The American Legion, Post No. 29
The American Legion was organized in 1920. In 1922 with the help of the Auxiliary it bought the site where it currently resides at Palatine Road and Greeley Street. By 1948 the groups had enough money to erect a building
at that site. Keeping patriotism alive and honoring our war heroes has been a consistent theme with members.
The Palatine Jaycees were organized in 1956. The group is involved in many community service projects. It began selling Christmas trees to raise funds in 1960.
The Ku Klux Klan
The Ku Klux Klan arrived in Palatine almost a hundred years ago. In 1923 a Chicagoan named J. W. Wakem invited his city friends to drive out to the farm he owned at the northwest corner of Palatine Road and Roselle Road for a Klan rally. Because roads were not well-marked in those days, Mr. Wakem had men with white flags stationed all along the route. The Herald covered the story and said that the fiery cross was much in evidence.
A year later the Klan gave a lecture at the Palatine Village Hall. The Herald printed an advertisement and a poster was displayed in the village hall. That same summer Klan members in full hooded dress marched into downtown Palatine and conducted an initiation ceremony at Seip Auditorium on Bothwell Street.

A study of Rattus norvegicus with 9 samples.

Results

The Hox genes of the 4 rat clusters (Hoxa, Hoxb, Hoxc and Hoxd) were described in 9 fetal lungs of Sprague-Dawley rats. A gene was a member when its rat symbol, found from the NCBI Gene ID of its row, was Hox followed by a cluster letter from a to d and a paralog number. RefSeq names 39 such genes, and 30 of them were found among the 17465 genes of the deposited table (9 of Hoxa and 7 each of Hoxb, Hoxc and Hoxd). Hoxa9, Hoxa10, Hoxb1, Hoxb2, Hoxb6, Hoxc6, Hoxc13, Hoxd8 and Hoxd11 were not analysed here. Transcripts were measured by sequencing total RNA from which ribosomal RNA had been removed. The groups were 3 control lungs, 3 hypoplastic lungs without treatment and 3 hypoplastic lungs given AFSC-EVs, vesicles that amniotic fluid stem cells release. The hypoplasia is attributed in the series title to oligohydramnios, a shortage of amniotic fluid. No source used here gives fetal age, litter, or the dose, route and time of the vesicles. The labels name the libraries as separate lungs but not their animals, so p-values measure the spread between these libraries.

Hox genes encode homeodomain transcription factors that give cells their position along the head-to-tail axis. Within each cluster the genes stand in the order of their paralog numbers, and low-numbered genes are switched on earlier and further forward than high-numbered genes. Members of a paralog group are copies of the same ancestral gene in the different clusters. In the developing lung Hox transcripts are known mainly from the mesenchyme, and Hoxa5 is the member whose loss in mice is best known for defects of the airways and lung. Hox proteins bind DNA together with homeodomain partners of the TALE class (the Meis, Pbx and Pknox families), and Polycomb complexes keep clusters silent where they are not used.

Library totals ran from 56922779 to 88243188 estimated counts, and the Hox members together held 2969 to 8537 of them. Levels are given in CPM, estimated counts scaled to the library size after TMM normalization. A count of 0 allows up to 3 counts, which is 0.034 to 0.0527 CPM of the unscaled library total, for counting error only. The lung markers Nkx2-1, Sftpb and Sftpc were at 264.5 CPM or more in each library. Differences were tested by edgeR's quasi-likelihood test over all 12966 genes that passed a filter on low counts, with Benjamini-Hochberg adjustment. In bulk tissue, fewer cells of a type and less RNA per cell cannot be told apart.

In August the Klan announced a big picnic at Wakem’s farm, calling the farm “Klan Grove”. A dance floor was built and an immense crowd came to watch initiation ceremonies. A month later Klan Day was declared at the Cook County Fair southeast of Hicks Road and Baldwin Road.
Two years later legislators in Springfield began authoring bills to restrict activities of the Klan by forcing members to register with the Secretary of State.
The property at Roselle Road and Palatine Road was purchased in 1925 by the Cudahy Packing Co. of Chicago. The meatpacker built a golf course for the use of its employees. In 1938 A. T. McIntosh purchased it and renamed it Inverness Country Club.
The Modern Woodmen of America
Palatine had a chapter of this organization in the early 1900’s. Although primarily devoted to providing its members with insurance, the group had elaborate initiation rituals. Their drill team marched in a parade down Michigan Avenue. They were the last people to use the Battermann Brick Building in 1933. A wood stove on the third floor overheated and the resulting fire destroyed the interior.